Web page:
Watch more videos here.
Guest Post by Jonathan Allan
The Learning Channel (TLC) recently showed another episode of its new program The Virgin Diaries. The premise, virgins who have somehow passed the normal age of initiation, is interesting. The result, however, has often left me speechless.
In the initial episode, we met Ryan and Shanna, two virgins about to marry, who had never kissed. The highlight of their story, the wedding and its triumphant kiss, became a media sensation, because this was one of the most uncomfortable kisses ever watched on screen. In another episode, we met Skippy (who now has a Facebook fan page), a virgin who lives with his mom, and collects bellybutton lint. Skippy takes his 'wing-mom' to the bars with him, all in hopes of finding a potential love. And most recently, we met Julie, a 'super special unicorn,' a Lesbian Christian virgin, who insists that while she hasn't had sex, she is nevertheless 'supergay' (as though being gay requires having significant or even any amounts of sex). With respect to another engaged couple, Dan, a 36-year-old white male virgin, and Patrice, a black non-virgin woman, we were presented with a tired stereotype about black female sexuality. The perpetual and numerous double entendres throughout the program speak volumes, from the unicorn and her date eating "fish tacos," to Dan struggling to control a champagne bottle as he attempts to open it.
All these virgin narratives begin with an admission of virginity or a declaration of identity (i.e. I've never had sex, or I'm a virgin), an explanation for virginity (How I ended up a virgin? It was easier to say I was a Christian), and then a concerted effort to come to terms with virginity and/or lose virginity. [I recognize the problematics of framing virginity as something to 'lose.']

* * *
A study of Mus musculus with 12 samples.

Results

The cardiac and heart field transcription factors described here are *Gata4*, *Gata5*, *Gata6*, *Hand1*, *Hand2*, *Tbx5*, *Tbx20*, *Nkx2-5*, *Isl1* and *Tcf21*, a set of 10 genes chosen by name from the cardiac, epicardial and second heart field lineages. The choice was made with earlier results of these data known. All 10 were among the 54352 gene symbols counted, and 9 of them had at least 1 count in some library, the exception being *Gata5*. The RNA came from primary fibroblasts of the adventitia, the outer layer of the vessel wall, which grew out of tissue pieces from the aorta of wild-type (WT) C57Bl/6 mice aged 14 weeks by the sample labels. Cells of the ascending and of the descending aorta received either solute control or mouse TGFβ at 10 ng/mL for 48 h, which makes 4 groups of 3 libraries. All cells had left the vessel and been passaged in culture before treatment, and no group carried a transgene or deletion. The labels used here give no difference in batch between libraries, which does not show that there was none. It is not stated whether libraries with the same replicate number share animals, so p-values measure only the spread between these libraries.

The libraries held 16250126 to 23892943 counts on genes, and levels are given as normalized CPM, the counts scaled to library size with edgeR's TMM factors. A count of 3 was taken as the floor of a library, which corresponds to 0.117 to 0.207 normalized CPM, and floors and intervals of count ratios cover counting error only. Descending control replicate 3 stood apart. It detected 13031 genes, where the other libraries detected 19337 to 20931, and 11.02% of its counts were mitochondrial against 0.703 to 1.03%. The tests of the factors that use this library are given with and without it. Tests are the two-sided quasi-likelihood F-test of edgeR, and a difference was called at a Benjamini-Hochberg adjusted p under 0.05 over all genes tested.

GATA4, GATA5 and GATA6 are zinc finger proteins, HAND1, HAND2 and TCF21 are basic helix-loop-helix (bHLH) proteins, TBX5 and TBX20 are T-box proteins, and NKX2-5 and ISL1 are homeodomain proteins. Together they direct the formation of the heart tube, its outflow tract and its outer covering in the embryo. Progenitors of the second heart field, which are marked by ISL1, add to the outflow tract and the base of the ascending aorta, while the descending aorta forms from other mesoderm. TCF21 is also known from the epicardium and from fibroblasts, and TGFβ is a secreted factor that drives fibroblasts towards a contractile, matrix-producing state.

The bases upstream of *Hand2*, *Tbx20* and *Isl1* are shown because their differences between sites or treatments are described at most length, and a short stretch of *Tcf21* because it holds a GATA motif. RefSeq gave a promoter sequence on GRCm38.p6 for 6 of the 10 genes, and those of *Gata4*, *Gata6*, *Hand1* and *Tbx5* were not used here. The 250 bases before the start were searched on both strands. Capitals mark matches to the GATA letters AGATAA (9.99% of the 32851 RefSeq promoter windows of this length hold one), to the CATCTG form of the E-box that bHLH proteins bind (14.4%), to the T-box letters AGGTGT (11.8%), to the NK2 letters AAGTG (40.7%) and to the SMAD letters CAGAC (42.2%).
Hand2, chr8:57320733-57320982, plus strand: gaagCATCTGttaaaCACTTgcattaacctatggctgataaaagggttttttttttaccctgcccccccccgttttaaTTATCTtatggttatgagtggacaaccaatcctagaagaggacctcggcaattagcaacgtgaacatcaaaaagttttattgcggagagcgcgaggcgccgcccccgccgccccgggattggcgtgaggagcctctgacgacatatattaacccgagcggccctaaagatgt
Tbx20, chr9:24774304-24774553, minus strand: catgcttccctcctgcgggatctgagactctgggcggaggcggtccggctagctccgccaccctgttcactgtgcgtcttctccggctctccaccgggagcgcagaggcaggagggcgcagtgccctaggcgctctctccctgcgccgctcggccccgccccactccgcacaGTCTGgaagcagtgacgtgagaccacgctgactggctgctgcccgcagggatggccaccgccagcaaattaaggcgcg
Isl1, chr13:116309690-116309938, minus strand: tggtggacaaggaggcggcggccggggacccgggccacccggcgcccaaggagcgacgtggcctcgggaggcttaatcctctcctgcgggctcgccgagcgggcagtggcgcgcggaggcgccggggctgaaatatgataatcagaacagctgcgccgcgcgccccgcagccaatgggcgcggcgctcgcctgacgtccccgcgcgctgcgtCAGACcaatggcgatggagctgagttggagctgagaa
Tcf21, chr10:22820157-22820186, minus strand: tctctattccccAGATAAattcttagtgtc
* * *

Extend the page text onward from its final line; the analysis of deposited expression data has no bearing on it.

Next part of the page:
While the narratives are admittedly endearing at times, they more often seem to be about the hilarity and ridiculousness of these virgin stories. In a word: schadenfreude, 'malicious or smug pleasure taken in somebody else's misfortune.'
What is being lost in these narratives is an entire identity, each virgin is above all: A Virgin. Whatever else they may be seems less important than their virginity. They are innocent, not just in terms of sex, but in terms of life–as though life is measured by sexual performance. Their life experiences before their television appearance seems irrelevant not only to the program, but to their own identities, and all of this leads to a very uncomfortable, almost tragic, viewing experience.
While it would be easy to dismiss the program as exploitative or as perpetuating myths, it does seem that there is something productive to be found in The Virgin Diaries.
Through the three episodes that have aired thus far, we've been introduced to about a dozen virgins. Putting aside the freak-show quality, there is something quite telling about how these virgins frame their narratives. We see that virgins are different and must define for themselves their identities and their relation to virginity. More often than not, they learn, at least by episode's end, that virginity, though initially reified, is not really that important or not really that defining. In other words, though the program is about virgins, the virgin ultimately learns that he or she is much more than just a virgin.
In addition, while the show introduces us to religious virgins, we are not always presented with the 'Pure Virgin' discourse. The discussion is not about a virtue now lost, or a need to reclaim purity, or about the importance of abstinence; instead, it is about the confusing, conflicted, and complex nature of human sexuality, and that seems like a discussion worth having.
Jonathan Allan received his PhD from the Centre for Comparative Literature at the University of Toronto. In the fall, he will begin teaching in the Department of Gender and Women's Studies at Brandon University. He last contributed to a post on Edward Cullen’s virginity.